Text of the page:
Return of the root beer drunkard

I burp IBC carbonation and the CO2 climbs into my sinuses and makes tiny chemical sparks. My eyes water. Life is about to change again.

I’m looking through possible jobs in New York and finding plenty to try for. I’ve got my resume together and I’m ready to send it along. It’s time to shine.

The most important part to all of this is for me to write a professionally honest cover letter.
Something like a more detailed elaboration on my objective statement. Something that makes my professional experience
stand out.

Well, there’s always this adorable little oft-quoted phrase: “jack of all trades, master of none.” What no one knows is that this apparent jab at the swiss-army knife skill set is a quote taken out of context. The proper phrase is: “Jack of all trades, master of none, though ofttimes better than master of one.”

The fuller, more balanced phrase describes me well. I want a job where I’ll be given a chance to perform some lateral plays. You need a picture? I’m on it. You need someone on the phones to fact-check? I’m there. You need 750 words? A coverline? A photo caption? There. There. There.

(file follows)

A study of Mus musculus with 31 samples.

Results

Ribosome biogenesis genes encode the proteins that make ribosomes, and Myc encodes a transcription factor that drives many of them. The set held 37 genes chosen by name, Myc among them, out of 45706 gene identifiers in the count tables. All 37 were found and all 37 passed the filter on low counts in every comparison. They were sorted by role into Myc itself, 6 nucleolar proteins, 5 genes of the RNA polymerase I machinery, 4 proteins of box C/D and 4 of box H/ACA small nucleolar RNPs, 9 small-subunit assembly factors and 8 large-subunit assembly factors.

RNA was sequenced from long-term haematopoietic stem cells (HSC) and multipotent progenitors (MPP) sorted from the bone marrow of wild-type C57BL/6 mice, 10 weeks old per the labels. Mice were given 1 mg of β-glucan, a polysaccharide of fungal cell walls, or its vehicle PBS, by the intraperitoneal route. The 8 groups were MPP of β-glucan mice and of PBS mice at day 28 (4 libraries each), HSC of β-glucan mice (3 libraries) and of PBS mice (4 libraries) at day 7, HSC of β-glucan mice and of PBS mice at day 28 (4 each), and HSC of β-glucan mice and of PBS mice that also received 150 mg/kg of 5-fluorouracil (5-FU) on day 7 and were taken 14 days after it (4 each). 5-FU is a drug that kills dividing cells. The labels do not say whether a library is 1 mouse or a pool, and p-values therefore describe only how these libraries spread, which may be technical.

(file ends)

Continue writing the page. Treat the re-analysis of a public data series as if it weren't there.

Do I know how to do it? Yes.
Have I done it in your world? No, not yet.
Am I high risk?

Consider this: when I walked into Milford Magazine, I barely knew how to dial a phone. Eight months later, I was acting editor. Was I nervous? Definitely. Did I make a few mistakes? Certainly. But did I pass my first trial-by-fire? Absolutely.

There were months in which I wrote multiple features, gathered art, wrote an opinion column, coverlines, heads and captions all in the same month.

So am I high risk?
If you’re looking for a fast learner with a track-record for expanding both his knowledge of operations and his responsibilities in the publishing world, I’m high yield.

The lights in the attic are clearly working again. The root beer drunkard is back.